A Place of Learning: For Natural Learning


Quick summary for planting in May

• Broad beans can be planted in the first two weeks of May
• Garlic and Shallots can be planted in the third and fourth weeks of May
• Blue lupins can still be sown as a green crop in the first two weeks.


Pak Choi ready for harvestVegetable Garden Planning at Your Place 

This is a great way to start your new garden. In Mary’s one and a half hour visit to your place, you will create your Garden Action Plan, and have a mind buzzing full of ideas. Find out how to transform your world with a spade and some seeds at: http://www.aplaceoflearning.co.nz/vegetable-gardening/

Pruning Stage 2

This will be held at the New Brighton Community Gardens
Sat 15th June 9.30am-12

Red fungi popping up with the autumn rainDuring April the light is waning rapidly as we hurtle towards the shortest day.  The fantails and the white eyes are back in the garden; a quick white flicker between the trees. In April the garden changes from a summer garden to a winter one. The last few tomatoes are hanging on, a few tatty basil plants are still around so we can savour the last delicious aroma of summer. At the same time the winter greens are nearly ready for harvest.


Pumpkins nearly ready for harvestHumans can be seen with slightly bulging pockets and smiles on their faces collecting walnuts and chestnuts.

Pumpkins are still being harvested. (A wee reminder from last month: store them so that they are not touching see) aplaceoflearning.co.nz/newsletters/southern-vegie-garden-notes-march-2013/

Watch for the drying pods of runner beans.  They can be saved for next season. Pick them on a fine day when they are brown. Leave the seeds in the dry pods, place in a paper bag, date and label and store in a dry place until October. At Delta Community Gardens we have harvested carrot seed, spring onion seed and red silver beet seed.

Root crops like beetroot and carrots can still be left in the ground and harvested as needed. Parsnips need to be left until after the first frosts so that they are sweet and tender.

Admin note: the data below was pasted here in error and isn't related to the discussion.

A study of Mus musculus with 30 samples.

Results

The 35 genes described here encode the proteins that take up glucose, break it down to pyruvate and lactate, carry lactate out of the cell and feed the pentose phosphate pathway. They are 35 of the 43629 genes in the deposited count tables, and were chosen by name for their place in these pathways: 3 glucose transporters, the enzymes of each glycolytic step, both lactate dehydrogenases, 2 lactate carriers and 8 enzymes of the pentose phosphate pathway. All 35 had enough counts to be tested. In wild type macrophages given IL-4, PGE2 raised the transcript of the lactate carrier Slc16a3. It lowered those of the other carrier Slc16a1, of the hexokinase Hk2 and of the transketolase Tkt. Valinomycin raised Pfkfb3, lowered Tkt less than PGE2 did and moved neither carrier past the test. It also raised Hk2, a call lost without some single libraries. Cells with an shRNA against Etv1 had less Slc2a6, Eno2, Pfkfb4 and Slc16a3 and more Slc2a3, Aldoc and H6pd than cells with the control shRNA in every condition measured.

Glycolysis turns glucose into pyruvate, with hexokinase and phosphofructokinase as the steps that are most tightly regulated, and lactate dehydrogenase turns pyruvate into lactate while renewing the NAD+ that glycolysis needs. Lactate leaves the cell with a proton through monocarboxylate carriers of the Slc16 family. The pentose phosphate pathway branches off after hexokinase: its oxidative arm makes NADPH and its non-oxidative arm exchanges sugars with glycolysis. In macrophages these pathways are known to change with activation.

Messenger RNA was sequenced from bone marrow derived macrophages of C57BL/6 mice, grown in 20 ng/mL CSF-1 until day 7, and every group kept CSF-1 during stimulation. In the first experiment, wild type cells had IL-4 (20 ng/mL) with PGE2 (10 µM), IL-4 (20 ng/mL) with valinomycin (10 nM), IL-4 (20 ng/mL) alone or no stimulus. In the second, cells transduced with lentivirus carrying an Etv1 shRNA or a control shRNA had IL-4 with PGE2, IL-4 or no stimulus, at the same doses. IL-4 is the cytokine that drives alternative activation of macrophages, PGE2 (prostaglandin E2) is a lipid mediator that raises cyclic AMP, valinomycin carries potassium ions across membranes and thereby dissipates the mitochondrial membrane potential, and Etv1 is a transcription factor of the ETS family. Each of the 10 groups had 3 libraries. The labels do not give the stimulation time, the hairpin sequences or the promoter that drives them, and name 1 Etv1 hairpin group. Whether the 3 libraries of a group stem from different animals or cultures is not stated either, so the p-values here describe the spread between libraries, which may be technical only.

I have grown native potatoes because these wee gems are packed with flavour. Check out this link to find out more about native potatoes. http://www.tepapa.govt.nz/Education/OnlineResources/Matariki/Pages/Potatoes.aspx

Potatoes left in the ground until needed, stay fresher. The only trick is to remember to harvest enough potatoes during the weekend for week day dinners, to save you from harvesting by flash light after work!
If you planted Pak choi’s six weeks ago, you should be harvesting them now. The wondrous kitchen staff at Delta Community House are making coleslaw from Pak choi. The cooks receive an endless stream of compliments for the delicious fresh flavour.

Celery ready for harvestCelery season is starting now! It’s ready for harvest, sweet and delicious. Celery can either be picked stalk by stalk or dug up the whole plant. The leaves are good for soups, stews and stock. Happiness is a fresh sweet stalk of celery filled with crunchy peanut butter.

I leave the leeks until the end of the month so they get another few weeks to fatten up.  My minnie cabbages are nearly ready. These are great for small gardens and small families. Leave the stalks in the ground after cutting as more cabbages will sprout away. These can be purchased from most garden centres as seedlings.

Sowing  Seeds


It is a good idea to sow Broad Beans in double rows a trowel width apart so that they help support each other.  They can also be good windbreaks in spring for more tender crops like lettuce if you site the beans carefully in the garden.  Open a seed drill a finger deep (approx 7 cm).  Plant the seeds one trowel width apart, down the row. Plant the seeds in the second row diagonally from the first. Cover seeds to one knuckle deep (5 cm).

Self sown mustard popping  up amonst the leeksIf you let mesclun mixes go to seed, salad greens will self sow all through your garden especially in autumn and spring.

Garden Tasks

When your summer crops come out, cover the soil either by planting lupins and mustard or with a light mulch of leaves, grass clippings or straw. 

Weeding around your leeks.

Continue adding the autumn leaves to your compost bin.

If your garden is producing a good crop of fungi at this time of year you know that your soil is alive and well. 

If you are struggling with weeds like ivy here is a good site to check outwww.weedbusters.org.nz

Beginners Garden

Mini cabbages ready for first harvestA vigorous broccoli at Shirley Intemediate GardensI continue to be amazed at the crops we have grown at Shirley Intermediate. The children and I work for 6 hours a week. The children have barrowed old leaves and some grass clippings into the soil. Given it a quick dusting of lime and then planted lupins. That’s all we did. Look at the amazing broccoli plants that are growing.

Delta Community Gardens have started a new garden in Churchill Park (the site of the old Churchill Courts). We have sown some lupins and some dwarf broad beans.  Watch this space for developments. If you want to be part of this garden contact Mary mary@aplaceoflearning.co.nz.